Despite Nigeria’s NotTooYoungTooRun (NTYTR) bill of 2018, Nigeria’s political space is still run by old men and godfathers.

Globally, it has always been very easy for political movements and lawmakers to overlook the involvement of young people. Young people are systematically underrepresented and underestimated in the day-to-day running of the world they live in. While effective youth participation isn’t a new idea, ageist culture and traditions prevent this. The result is that youths are often sidelined with the excuse being that they are either, ‘too young to care’ or ‘too young to have concrete opinions’.

Never too late to start

But it’s never too late for young voices to matter. After all, youths are the prospective leaders of tomorrow. As Franklin D. Roosevelt once said:

‘We cannot always build the future for our youth but we can always build our youth for the future’.

From Adebowale Adedayo, popularly known as Mr Macaroni, who heavily lent his voice to the #EndSARS protest in Nigeria, to Yara Shahidi who is so politically engaging and advocates for more inclusion of youths in the US, we have seen an uprising of a younger and more vibrant spirit ready to take charge.

Why are young people constantly being overlooked?

Africa has the youngest population in the world, with 60 per cent of 1.3 billion people being under the age of 25. This makes the ratio of underrepresented youths alarmingly high. Older leadership rejects youth involvement, seeing it as going against the norms and culture of ancient practices when it comes to governance.

In Nigeria, where I come from, the political space is typically reserved for politically experienced men. Hence, young people are systematically marginalized owing to prejudice about their supposed ‘lack of political know-how.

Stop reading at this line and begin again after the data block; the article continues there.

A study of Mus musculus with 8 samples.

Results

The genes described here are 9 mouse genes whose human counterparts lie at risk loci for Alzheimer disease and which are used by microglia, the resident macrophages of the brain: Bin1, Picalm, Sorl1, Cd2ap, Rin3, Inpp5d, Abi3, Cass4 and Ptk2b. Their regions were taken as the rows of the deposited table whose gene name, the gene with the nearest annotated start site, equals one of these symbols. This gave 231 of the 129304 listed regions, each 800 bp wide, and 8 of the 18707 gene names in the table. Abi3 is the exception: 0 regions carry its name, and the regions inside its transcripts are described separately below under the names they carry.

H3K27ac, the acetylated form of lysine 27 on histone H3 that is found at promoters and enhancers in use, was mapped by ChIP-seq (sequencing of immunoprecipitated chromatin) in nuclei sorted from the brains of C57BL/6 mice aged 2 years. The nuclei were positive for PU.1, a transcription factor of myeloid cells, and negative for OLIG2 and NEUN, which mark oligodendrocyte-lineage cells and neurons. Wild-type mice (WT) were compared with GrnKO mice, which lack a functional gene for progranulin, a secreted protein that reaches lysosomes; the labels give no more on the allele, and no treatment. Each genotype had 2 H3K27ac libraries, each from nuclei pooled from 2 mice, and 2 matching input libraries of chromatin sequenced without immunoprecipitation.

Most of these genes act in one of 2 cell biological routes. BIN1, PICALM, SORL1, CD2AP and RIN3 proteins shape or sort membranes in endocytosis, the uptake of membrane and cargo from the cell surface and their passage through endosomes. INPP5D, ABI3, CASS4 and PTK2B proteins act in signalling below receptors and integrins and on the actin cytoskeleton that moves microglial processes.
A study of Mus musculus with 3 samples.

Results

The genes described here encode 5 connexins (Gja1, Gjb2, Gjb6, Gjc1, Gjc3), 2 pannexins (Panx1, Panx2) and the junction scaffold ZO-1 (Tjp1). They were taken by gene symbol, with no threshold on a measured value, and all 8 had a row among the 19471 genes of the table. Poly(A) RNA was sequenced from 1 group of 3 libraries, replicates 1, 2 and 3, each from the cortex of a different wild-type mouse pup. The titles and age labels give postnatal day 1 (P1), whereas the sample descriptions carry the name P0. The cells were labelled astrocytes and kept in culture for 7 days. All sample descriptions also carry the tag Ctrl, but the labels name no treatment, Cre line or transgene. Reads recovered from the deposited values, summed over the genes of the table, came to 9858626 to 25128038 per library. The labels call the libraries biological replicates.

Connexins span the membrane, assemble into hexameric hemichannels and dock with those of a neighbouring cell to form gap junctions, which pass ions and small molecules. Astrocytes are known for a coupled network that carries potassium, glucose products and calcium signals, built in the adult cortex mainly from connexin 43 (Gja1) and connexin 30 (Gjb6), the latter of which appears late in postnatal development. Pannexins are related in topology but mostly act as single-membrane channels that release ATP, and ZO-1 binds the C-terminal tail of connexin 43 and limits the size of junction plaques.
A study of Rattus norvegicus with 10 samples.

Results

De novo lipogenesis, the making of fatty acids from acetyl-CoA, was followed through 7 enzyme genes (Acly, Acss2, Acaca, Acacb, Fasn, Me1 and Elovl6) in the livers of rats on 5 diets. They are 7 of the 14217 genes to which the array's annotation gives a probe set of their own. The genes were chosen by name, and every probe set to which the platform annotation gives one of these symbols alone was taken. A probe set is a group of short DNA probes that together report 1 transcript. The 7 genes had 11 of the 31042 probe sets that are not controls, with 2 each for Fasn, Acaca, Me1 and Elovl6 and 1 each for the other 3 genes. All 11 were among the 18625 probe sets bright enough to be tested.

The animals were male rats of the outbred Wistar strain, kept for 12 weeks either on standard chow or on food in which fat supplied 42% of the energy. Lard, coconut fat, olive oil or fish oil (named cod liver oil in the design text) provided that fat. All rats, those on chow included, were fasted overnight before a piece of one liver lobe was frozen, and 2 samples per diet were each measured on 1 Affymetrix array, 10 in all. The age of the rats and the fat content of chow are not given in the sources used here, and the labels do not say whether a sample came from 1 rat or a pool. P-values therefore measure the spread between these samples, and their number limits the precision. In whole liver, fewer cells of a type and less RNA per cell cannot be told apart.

We have never been taken seriously

Systematic limitations ranging from unemployment, a crippled education system, negative stereotyping and drug abuse have contributed to making young people feel insecure, frustrated and helpless.

As youth advocates, it becomes increasingly difficult to be heard given these limitations. The process of change becomes twice as difficult when no one believes enough to help you.

Amidst continued political exclusion, we forget that restricting the participation of any demographic of a country, as we have done, comes with its own set of problems ranging from unequal voices to misrepresentation. One instance of this is the #EndSAR protest, where Nigerian youths fought against the continuous profiling they experienced.

How do we create spaces for better youth participation? 

To do this, we must first understand the obstacles in the way of qualitative youth participation. These include:

  • Age restrictions to campaign and run for office
  • Lack of trust in political institutions
  • Increased costs to involve the youth in politics
  • Myths about youth involvement and their lack of preparedness
  • Lack of access to sources of knowledge – resulting in poor understanding of governmental processes

To create spaces for more youth advocates to flourish, senior generations must stop infantilising youths. When this happens, the benefits are enormous. The involvement of youths in civic engagement can transition to political engagement. That is to say, youth involvement in sectors such as healthcare, education and charity work gives way to more political interest and engagement when it comes to voting, lobbying, signing of petitions, and running for office.

This also increases the odds of young people growing into better citizens. Given the chance to be in a position of change, responsibility and important decision-making, young people can grow to become better citizens who remain politically engaged.

We will not know the potential of young people unless they are given a chance to use it. Equal participation of all citizens allows for a more democratic and representative nation. Youths are agents of change and should be given a platform beyond the realm of digital activism, protesting and volunteering; preferably, one where they can exercise more concrete power.

Only by taking practical steps to involve young people in decision-making processes can Nigeria have a chance of rising above age-old problems that are crippling the country.